Tuesday, December 17, 2013

Christmas Traditions and Pagan Origins

For a few years now this little message from a friendly atheist organization has been floating around. As someone with a passing knowledge and interest in folklore and a computer for some quick fact-checking, I would like to note a few inaccuracies and misconceptions they may be unknowingly promulgating.

There is no Scandinavian god called Yule; the earliest records of the word Yule all refer to a time or season.

Wiccan "traditions" of holly and wreaths seem to be back-engineered through Christian traditions with origins from the Celts.

While Druids and many other cultures revered the mistletoe for it's supposed fertility powers, the tradition of kissing under the mistletoe is first recorded in the Sixteenth Century.

Though decorating houses with boughs and other greenery during the Saturnalia was a Roman tradition, there is no record of so-called "Saturnalia trees."

There is no tradition of Thor or Odin bringing gifts at night.

There is no tradition of listening for Sleipnir's hooves on the roof; although there is the legend of hearing Odin leading the Wild Hunt through the winter skies. The tradition of "eight tiny reindeer" seems to begin with Clement Clarke Moore's poem.

The Mithraic Mysteries are no more ancient than Christianity itself.

From Wikipedia: "With regard to a December religious feast of the sun as a god (Sol), as distinct from a solstice feast of the (re)birth of the astronomical sun, some scholars have commented that, "while the winter solstice on or around December 25 was well established in the Roman imperial calendar, there is no evidence that a religious celebration of Sol on that day antedated the celebration of Christmas". "Thomas Talley has shown that, although the Emperor Aurelian's dedication of a temple to the sun god in the Campus Martius (C.E. 274) probably took place on the 'Birthday of the Invincible Sun' on December 25, the cult of the sun in pagan Rome ironically did not celebrate the winter solstice nor any of the other quarter-tense days, as one might expect." The Oxford Companion to Christian Thought remarks on the uncertainty about the order of precedence between the religious celebrations of the Birthday of the Unconquered Sun and of the birthday of Jesus, stating that the hypothesis that 25 December was chosen for celebrating the birth of Jesus on the basis of the belief that his conception occurred on 25 March "potentially establishes 25 December as a Christian festival before Aurelian's decree, which, when promulgated, might have provided for the Christian feast both opportunity and challenge". "

Truth saves, yes, and is not served by serving fudge as facts.

Possibly the point of this message is to embarrass or discomfit Christians with the "pagan origins of Christmas." If so, this could be a mistake, because instead it points to one of its glories: the redemption and even consecration of Nature; of men and customs, "whatsoever things are lovely, whatsoever things are of good report; if there be any virtue, and if there be any praise" in them. So, it is true that many Christmas traditions have pagan origins, but Christmas--"Christ's Mass"--has its origins in Christianity itself. Jesus was possibly, even probably, not born on December 25, but that is the day, established by long tradition (not dogma) on which we celebrate it: the truth that Jesus was indeed historically born into the world, and took on our human nature to raise it to the divine.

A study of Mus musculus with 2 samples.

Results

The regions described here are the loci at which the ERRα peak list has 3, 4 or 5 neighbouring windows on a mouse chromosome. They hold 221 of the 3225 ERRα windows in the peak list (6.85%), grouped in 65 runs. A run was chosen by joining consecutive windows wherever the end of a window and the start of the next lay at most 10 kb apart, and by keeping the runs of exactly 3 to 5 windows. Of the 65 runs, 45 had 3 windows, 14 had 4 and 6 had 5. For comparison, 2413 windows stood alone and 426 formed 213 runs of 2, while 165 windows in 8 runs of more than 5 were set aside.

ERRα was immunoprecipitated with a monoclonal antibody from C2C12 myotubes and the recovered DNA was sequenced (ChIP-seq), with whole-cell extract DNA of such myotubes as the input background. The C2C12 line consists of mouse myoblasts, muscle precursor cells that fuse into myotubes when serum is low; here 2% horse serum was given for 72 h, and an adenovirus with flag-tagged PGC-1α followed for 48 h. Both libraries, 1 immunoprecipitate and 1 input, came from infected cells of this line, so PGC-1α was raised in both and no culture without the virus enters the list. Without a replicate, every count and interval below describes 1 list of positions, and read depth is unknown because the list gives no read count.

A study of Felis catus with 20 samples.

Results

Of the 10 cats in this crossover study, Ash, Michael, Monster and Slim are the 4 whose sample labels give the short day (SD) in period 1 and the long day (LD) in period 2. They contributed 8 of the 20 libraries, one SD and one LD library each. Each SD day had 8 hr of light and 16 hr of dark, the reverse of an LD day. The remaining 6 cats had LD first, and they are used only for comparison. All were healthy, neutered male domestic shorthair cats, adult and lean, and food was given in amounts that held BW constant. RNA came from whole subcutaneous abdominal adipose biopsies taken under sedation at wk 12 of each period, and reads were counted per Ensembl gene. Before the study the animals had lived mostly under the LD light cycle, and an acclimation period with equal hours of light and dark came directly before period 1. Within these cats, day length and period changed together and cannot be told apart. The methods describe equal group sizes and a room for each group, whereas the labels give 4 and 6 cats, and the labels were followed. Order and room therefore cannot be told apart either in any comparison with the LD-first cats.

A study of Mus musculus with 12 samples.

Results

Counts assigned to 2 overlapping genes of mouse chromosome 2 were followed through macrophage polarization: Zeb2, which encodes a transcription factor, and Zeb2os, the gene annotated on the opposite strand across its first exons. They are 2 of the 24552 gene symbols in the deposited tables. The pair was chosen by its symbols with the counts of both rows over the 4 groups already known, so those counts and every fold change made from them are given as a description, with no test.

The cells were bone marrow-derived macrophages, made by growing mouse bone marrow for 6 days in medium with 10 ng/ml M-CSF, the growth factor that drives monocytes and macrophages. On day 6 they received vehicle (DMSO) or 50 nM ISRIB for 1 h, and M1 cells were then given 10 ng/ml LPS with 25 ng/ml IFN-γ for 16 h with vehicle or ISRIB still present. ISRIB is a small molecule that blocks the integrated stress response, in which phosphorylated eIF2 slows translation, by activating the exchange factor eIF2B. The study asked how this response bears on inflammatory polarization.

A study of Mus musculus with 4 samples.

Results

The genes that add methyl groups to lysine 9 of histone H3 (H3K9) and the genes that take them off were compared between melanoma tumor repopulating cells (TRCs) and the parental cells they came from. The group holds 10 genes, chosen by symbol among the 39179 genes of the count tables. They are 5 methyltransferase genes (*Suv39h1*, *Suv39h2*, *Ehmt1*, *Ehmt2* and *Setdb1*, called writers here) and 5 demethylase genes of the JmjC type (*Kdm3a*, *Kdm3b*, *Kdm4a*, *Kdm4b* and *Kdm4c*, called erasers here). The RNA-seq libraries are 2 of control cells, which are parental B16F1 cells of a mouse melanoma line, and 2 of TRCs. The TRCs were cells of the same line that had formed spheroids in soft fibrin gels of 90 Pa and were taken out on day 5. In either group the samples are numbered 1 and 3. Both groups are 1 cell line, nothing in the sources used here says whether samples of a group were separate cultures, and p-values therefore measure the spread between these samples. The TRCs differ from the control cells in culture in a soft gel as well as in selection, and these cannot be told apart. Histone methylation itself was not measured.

And so, a Merry Christmas indeed.

1 comment:

Babel said...

I agree that the "facts" about a lot of this stuff are all over the place. The message that I got out of this, however, was not a poke in the eye to Christians over the pagan origin thing; but a response to the "paleo" types of christian that feel it is their duty to go all old testament on every customary holiday and put everybody in their place. We see it more and more every season on Halloween, Christmas and Easter. I know because I went through a phase of this in my belief evolution. But the way it seems to me is, just because I decorate a fake tree in my living room every December doesn't mean I am worshiping said tree. If I make colored eggs in the springtime , it doesn't mean I am worshiping any fertility gods. And so on. I think a lot of the keeping Christ in Christmas movement, though well intentioned, has made a season that is awash in anxiety and general misanthropy even more so. A girl that works at the bank told someone to have "happy holidays" the other day, and had her ass handed to her by the customer about not saying "merry Christmas", to which the poor girl replied, "I just meant to enjoy the multiple holidays coming up: Thanksgiving, Christmas and New Year's." I understand trying to beat back the tsunami of political correctness and commercialism, but being an asshole about Christ when someone is giving you a polite well wish is perhaps counter productive. There's got to be a better way of promoting the Christian spirit than this - oh wait there is! "Love thy neighbor." Will it ever catch on?